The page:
The pressure had been building to do a Half Ironman. People had kept asking me when I was going to and my coach had said to think about it, so I thought “Why not?” I knew that I would be able to complete it but the question of if I could do it well was another thing.
I headed over early the day before for a bit of pre-race training and also met up with my newest sponsor BlueseventyNZ. I tested out the new 2018 Blueseventy Helix wetsuit and it felt MEAN so I knew without a doubt I wanted to use it in the race tomorrow. After registering and racking my bike, I went to sleep really early – 8:30pm!
5am alarm. Breakfast was my classic porridge, banana, mixed nuts and fruit. And it goes without saying, rocket coffee. (V60 pour over).
I had left myself heaps of time before the race, aiming to get there at 6am to finish setting up in transition. Caught up with Jack Moody – the mysterious and went for a warm up jog with him. It was good to catch up since racing at the Tinman Triathlon.
It was a floating start with the elite group. I held onto the lead pack for about 750m before I lost their feet. I somehow managed to crash into a small buoy during the first half of the swim but I recovered fast to stay with Mike Phillips. I wasn’t really sure how hard to push in the swim. I knew what was coming in the rest of the race and didn’t want to max out. But I felt good and stuck with Mike, coming out 6th and onto the bike in 5th.
MK Tip: Always have goggles that don’t fog up. Mine weren’t as clear as I wanted them to be but after a bit they came right which was lucky. When you first buy goggles, I find that in the first few races they are awesome. But even in the space of two weeks since I had bought them, they weren’t as good as new. I’d suggest finding a pair of goggles that works well for you, and having a new pair that you only use for race days.
MK Tip: Don’t let something silly get you down and put you off your race. I crashed into a buoy but I said to myself “Don’t let this be my excuse of why I get dropped in the swim”. It’s going to be easier and WAY faster with a group than solo swimming, so keep pushing through as hard as you can to stay on their feet.
I had a really good T1 and was quick out onto the bike. Overall, I was solo on the bike and mainly stuck to my race plan. My power was a bit low to begin with but once I found my rhythm I was good. I did decide to take a risk when Cam Brown and Dan Plews passed me. I knew that they would be my ticket to the front so I tried to stick with them (Obviously keeping in mind the 10 meter non-drafting rules). The pace they pushed was hard and after 10 minutes or so I decided to back off because I knew I’d be stuffed for the run! But now I have an insight into what sort of watts I need to push if I wanted to stay with them.
I hadn’t needed to worry about nutrition in races before so I went in with a rough structure of when I would top up. I had 3 gels and four bliss balls and ate them evenly throughout the bike along with water and electrolytes. I think it was really good and although I was tired on the run, I think that was because of the long distance that I wasn’t used to, not lack of nutrition. MK Tip: When coming up to an aid station on the bike, make sure you don’t chuck your half empty bottle away before grabbing a new one. You could miss the new bottle, or drop it!! Grab the new one first, then throw away the old.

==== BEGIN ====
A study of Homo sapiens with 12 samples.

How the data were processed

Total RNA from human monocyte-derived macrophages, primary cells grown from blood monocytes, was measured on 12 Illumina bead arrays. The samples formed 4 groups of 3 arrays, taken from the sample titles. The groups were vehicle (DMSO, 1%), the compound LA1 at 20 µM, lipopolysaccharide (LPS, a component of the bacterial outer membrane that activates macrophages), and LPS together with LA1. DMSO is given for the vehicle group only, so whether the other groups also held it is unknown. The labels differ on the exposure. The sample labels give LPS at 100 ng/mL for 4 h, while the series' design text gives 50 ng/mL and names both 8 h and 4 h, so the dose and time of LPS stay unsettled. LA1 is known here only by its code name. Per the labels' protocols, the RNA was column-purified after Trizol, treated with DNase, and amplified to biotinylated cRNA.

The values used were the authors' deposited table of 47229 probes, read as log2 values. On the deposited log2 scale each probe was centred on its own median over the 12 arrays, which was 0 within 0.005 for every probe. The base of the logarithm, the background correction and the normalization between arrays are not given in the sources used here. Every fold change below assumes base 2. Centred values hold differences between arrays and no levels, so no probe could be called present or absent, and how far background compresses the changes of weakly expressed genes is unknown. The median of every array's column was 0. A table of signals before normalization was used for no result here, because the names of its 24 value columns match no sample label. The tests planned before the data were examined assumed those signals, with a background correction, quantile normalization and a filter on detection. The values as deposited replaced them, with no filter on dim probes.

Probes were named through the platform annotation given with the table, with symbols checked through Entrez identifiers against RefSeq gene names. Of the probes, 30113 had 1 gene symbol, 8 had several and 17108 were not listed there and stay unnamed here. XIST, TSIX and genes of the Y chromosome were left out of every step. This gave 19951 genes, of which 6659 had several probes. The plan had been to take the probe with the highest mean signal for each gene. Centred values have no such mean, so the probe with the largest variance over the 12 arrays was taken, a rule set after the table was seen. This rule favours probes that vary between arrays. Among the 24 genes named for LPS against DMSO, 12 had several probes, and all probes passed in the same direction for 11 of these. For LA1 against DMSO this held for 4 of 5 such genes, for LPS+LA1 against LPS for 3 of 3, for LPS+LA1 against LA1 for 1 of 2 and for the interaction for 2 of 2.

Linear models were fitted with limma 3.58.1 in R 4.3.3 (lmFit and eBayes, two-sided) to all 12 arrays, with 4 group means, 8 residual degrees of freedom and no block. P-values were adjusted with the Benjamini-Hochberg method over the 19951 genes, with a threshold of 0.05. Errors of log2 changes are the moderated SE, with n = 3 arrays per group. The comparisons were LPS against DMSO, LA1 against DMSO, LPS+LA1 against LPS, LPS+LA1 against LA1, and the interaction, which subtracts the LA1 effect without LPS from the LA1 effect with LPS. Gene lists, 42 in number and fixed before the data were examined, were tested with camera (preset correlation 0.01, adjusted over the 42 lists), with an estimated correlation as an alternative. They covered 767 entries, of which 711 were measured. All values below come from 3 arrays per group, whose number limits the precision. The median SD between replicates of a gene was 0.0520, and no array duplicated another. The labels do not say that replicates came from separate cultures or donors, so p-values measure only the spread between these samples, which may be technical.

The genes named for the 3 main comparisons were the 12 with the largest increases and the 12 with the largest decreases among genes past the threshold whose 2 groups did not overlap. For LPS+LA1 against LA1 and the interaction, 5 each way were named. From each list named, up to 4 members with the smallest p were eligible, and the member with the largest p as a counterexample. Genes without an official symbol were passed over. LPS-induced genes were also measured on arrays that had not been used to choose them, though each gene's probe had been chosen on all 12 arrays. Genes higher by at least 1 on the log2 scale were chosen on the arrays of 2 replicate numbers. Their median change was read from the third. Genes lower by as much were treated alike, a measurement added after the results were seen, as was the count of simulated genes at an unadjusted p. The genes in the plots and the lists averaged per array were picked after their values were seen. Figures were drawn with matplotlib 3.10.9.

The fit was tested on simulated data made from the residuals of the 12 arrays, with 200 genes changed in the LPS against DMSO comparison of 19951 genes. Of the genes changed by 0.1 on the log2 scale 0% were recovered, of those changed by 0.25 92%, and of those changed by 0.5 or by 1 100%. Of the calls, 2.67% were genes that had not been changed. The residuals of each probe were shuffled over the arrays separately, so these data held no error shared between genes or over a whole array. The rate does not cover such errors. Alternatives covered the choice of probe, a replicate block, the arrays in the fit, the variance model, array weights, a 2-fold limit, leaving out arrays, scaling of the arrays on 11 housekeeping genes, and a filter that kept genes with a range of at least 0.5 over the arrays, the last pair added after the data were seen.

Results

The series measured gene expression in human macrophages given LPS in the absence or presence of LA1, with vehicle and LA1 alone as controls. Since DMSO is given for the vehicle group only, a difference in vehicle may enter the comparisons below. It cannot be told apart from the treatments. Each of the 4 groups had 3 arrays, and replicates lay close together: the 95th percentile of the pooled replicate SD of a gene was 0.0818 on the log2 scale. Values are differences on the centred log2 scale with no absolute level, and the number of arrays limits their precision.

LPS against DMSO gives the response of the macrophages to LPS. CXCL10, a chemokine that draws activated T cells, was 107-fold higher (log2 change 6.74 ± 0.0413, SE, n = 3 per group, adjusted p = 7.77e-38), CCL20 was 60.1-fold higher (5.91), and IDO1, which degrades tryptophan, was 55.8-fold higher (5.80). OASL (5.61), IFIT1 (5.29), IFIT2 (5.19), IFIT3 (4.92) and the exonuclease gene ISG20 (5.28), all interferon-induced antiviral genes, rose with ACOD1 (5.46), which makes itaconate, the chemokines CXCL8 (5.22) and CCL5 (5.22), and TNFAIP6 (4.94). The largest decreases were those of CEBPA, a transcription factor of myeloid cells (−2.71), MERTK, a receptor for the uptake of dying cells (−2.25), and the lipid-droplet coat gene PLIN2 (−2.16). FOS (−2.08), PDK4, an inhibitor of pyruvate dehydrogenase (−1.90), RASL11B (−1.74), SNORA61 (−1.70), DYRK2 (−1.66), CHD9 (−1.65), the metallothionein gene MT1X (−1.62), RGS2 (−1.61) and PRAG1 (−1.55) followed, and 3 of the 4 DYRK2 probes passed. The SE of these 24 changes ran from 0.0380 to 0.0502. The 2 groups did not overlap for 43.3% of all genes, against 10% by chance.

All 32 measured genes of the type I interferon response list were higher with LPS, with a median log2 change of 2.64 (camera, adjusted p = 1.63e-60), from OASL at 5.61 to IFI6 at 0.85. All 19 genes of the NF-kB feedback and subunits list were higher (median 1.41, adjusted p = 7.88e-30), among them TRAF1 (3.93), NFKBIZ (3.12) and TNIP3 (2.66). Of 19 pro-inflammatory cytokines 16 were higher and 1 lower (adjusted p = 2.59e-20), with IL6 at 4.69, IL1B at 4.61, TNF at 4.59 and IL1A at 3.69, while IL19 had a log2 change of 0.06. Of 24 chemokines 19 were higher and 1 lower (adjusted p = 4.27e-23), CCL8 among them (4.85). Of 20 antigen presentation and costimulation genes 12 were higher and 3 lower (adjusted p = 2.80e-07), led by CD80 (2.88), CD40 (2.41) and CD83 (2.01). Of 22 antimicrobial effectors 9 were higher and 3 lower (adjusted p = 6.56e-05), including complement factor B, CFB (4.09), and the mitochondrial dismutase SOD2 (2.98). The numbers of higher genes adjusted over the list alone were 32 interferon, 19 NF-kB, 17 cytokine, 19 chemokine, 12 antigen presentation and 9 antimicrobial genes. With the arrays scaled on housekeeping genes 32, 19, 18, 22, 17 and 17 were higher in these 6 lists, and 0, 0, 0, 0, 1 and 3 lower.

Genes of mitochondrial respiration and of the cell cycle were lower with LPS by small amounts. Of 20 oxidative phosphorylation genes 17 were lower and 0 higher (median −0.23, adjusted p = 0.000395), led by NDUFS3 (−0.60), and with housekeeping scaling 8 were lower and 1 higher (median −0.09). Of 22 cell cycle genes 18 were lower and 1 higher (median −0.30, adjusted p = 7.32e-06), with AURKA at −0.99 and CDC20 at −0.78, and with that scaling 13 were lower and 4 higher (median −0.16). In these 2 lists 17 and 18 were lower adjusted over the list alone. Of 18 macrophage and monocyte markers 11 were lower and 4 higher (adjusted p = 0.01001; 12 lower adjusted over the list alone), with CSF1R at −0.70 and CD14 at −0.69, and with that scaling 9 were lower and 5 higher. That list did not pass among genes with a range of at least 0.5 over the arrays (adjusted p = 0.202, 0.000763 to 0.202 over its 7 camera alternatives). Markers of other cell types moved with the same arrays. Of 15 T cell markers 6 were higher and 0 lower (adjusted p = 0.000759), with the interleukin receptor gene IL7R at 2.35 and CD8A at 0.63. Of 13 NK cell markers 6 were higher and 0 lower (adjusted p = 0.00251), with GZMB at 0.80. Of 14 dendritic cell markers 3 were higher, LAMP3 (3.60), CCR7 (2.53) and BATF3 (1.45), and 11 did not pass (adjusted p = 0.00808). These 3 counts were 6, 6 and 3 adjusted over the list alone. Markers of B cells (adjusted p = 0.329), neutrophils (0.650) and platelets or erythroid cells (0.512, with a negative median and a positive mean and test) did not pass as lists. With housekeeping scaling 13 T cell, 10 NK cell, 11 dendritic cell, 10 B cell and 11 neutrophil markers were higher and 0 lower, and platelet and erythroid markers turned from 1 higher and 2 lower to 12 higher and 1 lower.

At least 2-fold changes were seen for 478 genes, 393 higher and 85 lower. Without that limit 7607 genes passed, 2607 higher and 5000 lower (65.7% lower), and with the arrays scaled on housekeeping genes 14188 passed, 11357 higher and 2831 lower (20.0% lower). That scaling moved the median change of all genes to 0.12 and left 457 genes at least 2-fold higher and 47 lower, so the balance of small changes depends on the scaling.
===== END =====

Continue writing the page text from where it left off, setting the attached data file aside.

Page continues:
T2 was messy. I couldn’t find anything. I thought my spot was further down, I couldn’t see any race numbers, couldn’t see my shoes or race belt so I was confused. I could hear people yelling at me while I looked back and forth trying to find where I was going. Turned out I had run past my stuff so I had to double back. It was such a bad transition!
I ran off the bike calm and collected (and still laughing about how bad T2 was) knowing I was running a bit faster than I’d planned too but I felt strong so kept it up. But I was running 10-20 secs too fast per km at that time and I should have backed off straight away. After about 3km I slowed down and from there I got slower until I was just trying to hold 4.30’s! I struggled throughout the run and was more in survival mode rather than race mode. I just didn’t have any speed. It was really hot and the run around the Mount was hard!
MK Tip: Going out onto the run, you may feel good but don’t fall into the trap. It’s easy to get caught up in the crowds and the excitement but stick to your race plan from the beginning, then increase later in the race once you get into a rhythm.
MK Tip: When you’re taking gels in a race, take them as you’re coming up to an aid station. That way when you get to the aid station you are finished your gel and can have water to wash it down.
So the big question – Would I do it again?
If you had asked me this straight after the race I would have said no. I didn’t enjoy the race, and especially the run. It was brutal and I was suffering for a long time, especially around the Mount and those stairs! When I finished the race, I remember thinking that I didn’t like it. Part of it was that I’m used to really fast racing and going hard until the end which I love. But in this I had to pace myself and it was really weird, I felt like I was plodding along and not racing.
Now though, I would do another one (but not for a while). Switching into Halfs isn’t a change that going to happen anytime soon. But it was my first one, I learnt a lot and next time will be faster!